The Earth is Faster Now

The Earth is Faster NowThe Earth is Faster Now

You may download a low-resolution PDF of the front matter, including table of contents and list of contributors.

Cover and Table of Contents (PDF - 1.7 MB)

ARCUS has published a collection of ten papers describing contemporary efforts to document indigenous knowledge of environmental change in the Arctic. Compiled and edited by Igor Krupnik and Dyanna Jolly, "The Earth is Faster Now: Indigenous Observations of Arctic Environmental Change" is available from ARCUS for $25 U.S.This publication was supported by the NSF Arctic Social Sciences Program with additional support for increased distribution provided by the Arctic Studies Center, Smithsonian Institution.

The Earth is Faster Now reviews major individual studies on indigenous knowledge and climate change undertaken during the past few years, primarily in North America. The text is accompanied by local observations, quotations from interviews, personal observations, illustrations, and photographs. Contributors include well- known academic researchers and Native people from Canada, Finland, and the United States. The publication is designed to be useful to both researchers and communities as a tool for networking and communication.

Click here to learn more about the Igor Krupnik and Dyanna Jolly, editors of The Earth is Faster Now.

Copies of The Earth is Faster Now are available for $25.00 USD per copy (includes all shipping and handling charges). Discounts are available for orders of 10 or more copies. The discounted price is $15.00 per copy. The discount price of $15.00 per copy also applies to all reseller orders, regardless of quantity.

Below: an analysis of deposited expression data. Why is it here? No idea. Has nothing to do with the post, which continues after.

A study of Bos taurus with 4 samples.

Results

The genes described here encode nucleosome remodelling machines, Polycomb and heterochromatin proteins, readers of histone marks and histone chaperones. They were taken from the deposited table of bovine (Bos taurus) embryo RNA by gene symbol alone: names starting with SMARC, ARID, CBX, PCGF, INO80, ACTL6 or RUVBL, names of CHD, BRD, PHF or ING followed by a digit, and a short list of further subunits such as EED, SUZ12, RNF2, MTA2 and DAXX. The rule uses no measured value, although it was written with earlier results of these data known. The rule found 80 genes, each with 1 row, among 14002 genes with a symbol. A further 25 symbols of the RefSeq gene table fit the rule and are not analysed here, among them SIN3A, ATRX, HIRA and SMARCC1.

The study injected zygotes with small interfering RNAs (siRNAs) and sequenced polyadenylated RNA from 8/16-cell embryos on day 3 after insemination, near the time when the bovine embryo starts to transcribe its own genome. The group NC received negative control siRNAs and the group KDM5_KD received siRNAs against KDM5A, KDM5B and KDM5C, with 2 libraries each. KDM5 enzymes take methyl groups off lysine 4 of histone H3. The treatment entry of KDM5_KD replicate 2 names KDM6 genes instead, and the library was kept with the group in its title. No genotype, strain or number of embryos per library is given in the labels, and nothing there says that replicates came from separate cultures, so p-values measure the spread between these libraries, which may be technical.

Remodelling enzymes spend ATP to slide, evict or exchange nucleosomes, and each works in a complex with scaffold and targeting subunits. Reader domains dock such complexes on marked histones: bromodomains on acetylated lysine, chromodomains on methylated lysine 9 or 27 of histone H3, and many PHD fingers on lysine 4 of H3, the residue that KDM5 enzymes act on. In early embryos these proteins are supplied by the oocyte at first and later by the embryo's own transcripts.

To inquire about discounts, bulk purchases, or to place an order e-mail order [at] arcus [dot] org, phone 907-474-1600, or fax 907-474-1604.

Back to publications


Igor Krupnik and Dyanna JollyIgor Krupnik and Dyanna Jolly

Igor Krupnik (Arctic Studies Center, Smithsonian Institution) is currently working on a project in collaboration with St. Lawrence Island Yupíik. Dyanna Jolly was affiliated with the University of Manitoba and the Inuit Observations on Climate Change project in Sachs Harbour, Canada in 1999ñ2000 and is now working on co-management issues in New Zealand at the Center for Maori and Indigenous Planning and Development at Lincoln University, New Zealand.

The editors and ARCUS thank the NSF Arctic Social Sciences Program for supporting this volume, the Arctic Studies Center, Smithsonian Institution for additional funding, and the authors for their hard work, patience, and dedication to working together. We want to express very special acknowledgements and appreciation to the people who shared the important knowledge that is documented in this volume.

This publication may be cited as:

Krupnik, Igor, and Jolly, Dyanna (eds.). 2002. The Earth is Faster Now: Indigenous Observations of Arctic Environmental Change. Fairbanks, Alaska: Arctic Research Consortium of the United States. 384 pp. ISBN 0-9720449-0-6.